You may save an animal’s life: Shelter animals are euthanised after a defined stay in the shelter. So, with every animal that finds a foster home, you may help to save a life and reduce a shelter’s euthanasia rate.
The rate of cats and dogs euthanised in RSPCA shelters has dropped by about two thirds since 2000 with the increased awareness of "rescue culture" (ABC News, 2019)
But, 12% of dogs and 22% of cats were still euthanised in 2018-19 (RSPCA National Statistics).
You will help to increase your foster pet’s chance of being adopted: Your care will help prepare your foster pet for adoption, helping them learn to live in a home environment, socialising them with other people and animals and helping them to adapt to new experiences.
Fostering is temporary: Fostering is a great solution for people who love pets and want to help an animal in need but cannot commit to the lifetime care of a pet.
Fostering helps animals that are highly stressed in a shelter, particularly older dogs and cats and animals who have experienced cruelty. Although shelter staff do their best for each animal, they do not have enough time to give the personalised care some animals may need.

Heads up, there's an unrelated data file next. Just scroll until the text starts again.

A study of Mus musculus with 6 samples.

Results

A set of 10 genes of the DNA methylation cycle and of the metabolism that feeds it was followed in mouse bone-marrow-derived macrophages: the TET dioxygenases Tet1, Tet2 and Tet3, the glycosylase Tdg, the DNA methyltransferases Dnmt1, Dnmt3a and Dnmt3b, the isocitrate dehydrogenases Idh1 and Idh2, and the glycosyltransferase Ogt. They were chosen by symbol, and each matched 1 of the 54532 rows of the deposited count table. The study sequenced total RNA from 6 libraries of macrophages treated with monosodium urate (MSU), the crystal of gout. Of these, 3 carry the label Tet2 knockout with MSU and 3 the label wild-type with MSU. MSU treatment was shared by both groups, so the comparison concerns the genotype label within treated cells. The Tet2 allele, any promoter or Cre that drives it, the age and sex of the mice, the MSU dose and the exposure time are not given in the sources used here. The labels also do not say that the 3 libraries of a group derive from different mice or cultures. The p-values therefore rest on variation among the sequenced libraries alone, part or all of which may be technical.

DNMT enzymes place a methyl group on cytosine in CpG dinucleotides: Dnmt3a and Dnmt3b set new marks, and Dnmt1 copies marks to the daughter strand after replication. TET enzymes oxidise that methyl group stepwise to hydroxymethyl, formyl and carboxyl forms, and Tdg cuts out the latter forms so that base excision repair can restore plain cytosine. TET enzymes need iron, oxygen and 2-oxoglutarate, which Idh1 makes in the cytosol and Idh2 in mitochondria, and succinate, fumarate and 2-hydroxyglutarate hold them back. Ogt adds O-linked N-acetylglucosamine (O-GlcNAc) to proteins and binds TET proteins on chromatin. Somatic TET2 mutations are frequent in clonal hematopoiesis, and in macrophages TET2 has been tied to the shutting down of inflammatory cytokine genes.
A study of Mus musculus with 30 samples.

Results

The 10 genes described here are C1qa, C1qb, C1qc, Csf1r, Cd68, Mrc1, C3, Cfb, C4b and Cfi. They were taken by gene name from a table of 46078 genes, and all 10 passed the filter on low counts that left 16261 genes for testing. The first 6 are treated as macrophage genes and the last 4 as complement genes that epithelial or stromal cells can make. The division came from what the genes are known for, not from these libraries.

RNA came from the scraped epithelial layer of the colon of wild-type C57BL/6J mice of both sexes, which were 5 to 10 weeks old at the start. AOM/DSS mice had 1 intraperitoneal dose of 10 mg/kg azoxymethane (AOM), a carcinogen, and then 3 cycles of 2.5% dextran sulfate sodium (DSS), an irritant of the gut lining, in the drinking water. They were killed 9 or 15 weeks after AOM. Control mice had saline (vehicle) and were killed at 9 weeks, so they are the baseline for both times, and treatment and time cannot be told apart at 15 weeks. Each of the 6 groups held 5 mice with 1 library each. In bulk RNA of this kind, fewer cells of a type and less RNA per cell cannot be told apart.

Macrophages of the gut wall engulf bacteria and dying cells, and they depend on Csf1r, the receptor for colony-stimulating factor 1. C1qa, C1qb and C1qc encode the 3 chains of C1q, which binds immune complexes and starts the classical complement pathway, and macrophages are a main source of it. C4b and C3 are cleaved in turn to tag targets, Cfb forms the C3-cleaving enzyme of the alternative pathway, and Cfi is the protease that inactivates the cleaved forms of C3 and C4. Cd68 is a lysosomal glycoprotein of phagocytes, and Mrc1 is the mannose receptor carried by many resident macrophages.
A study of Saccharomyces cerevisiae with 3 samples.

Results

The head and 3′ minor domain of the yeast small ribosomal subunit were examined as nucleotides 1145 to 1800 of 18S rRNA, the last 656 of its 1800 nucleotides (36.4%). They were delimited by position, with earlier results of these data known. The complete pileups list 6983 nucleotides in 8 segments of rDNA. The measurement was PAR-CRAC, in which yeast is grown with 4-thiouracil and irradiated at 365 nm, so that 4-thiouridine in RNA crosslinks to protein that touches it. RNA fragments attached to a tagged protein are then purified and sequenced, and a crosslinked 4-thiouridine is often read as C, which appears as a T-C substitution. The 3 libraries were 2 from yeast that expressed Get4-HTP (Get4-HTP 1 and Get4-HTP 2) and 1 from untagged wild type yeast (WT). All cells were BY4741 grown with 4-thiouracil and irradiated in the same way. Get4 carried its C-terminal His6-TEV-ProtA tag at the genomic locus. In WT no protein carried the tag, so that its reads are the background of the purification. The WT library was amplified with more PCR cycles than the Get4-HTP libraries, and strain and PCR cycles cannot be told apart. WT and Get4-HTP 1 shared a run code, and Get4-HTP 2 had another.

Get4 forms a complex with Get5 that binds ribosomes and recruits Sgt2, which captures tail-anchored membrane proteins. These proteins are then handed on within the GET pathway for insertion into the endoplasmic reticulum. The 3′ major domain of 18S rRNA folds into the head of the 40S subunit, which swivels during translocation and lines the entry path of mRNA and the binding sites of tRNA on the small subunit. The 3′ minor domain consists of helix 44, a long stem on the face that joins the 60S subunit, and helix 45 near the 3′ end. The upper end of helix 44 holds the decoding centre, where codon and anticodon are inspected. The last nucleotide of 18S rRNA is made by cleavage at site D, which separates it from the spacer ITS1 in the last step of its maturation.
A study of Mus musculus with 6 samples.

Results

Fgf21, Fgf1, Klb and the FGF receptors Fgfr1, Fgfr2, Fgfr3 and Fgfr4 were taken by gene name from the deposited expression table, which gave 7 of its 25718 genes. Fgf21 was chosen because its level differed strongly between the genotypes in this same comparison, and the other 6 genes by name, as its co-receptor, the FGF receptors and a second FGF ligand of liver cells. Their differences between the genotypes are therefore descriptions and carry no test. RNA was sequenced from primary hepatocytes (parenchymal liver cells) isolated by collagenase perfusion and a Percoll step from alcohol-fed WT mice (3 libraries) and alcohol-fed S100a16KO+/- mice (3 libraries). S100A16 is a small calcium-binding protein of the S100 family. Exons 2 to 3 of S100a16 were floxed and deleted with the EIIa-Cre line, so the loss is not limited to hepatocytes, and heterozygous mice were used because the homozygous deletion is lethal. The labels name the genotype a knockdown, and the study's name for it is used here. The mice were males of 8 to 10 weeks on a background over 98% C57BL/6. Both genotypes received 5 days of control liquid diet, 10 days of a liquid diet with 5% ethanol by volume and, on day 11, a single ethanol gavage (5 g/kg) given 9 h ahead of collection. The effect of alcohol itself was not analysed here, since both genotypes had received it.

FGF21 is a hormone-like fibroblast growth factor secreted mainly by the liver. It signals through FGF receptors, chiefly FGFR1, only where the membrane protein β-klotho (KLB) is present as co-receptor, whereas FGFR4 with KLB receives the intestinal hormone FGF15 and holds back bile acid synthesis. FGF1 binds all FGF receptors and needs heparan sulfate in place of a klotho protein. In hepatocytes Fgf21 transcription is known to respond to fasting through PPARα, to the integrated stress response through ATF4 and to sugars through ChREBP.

You are financially covered: Shelters and rescue groups typically pay for veterinary care, sometimes for food and bedding, too.
Goodbye means a happy end: For most pet owners, ‘goodbye’ often means the passing of a pet but in the case of a foster carer, your tears are tears of joy when your foster pet finds a loving and forever home.
You may find your ideal pet. Fostering can lead to a happy foster failure, where you fall in love with ‘your’ foster pet. In this case, failure can lead to a happy ending where you may adopt your furry foster pet for good.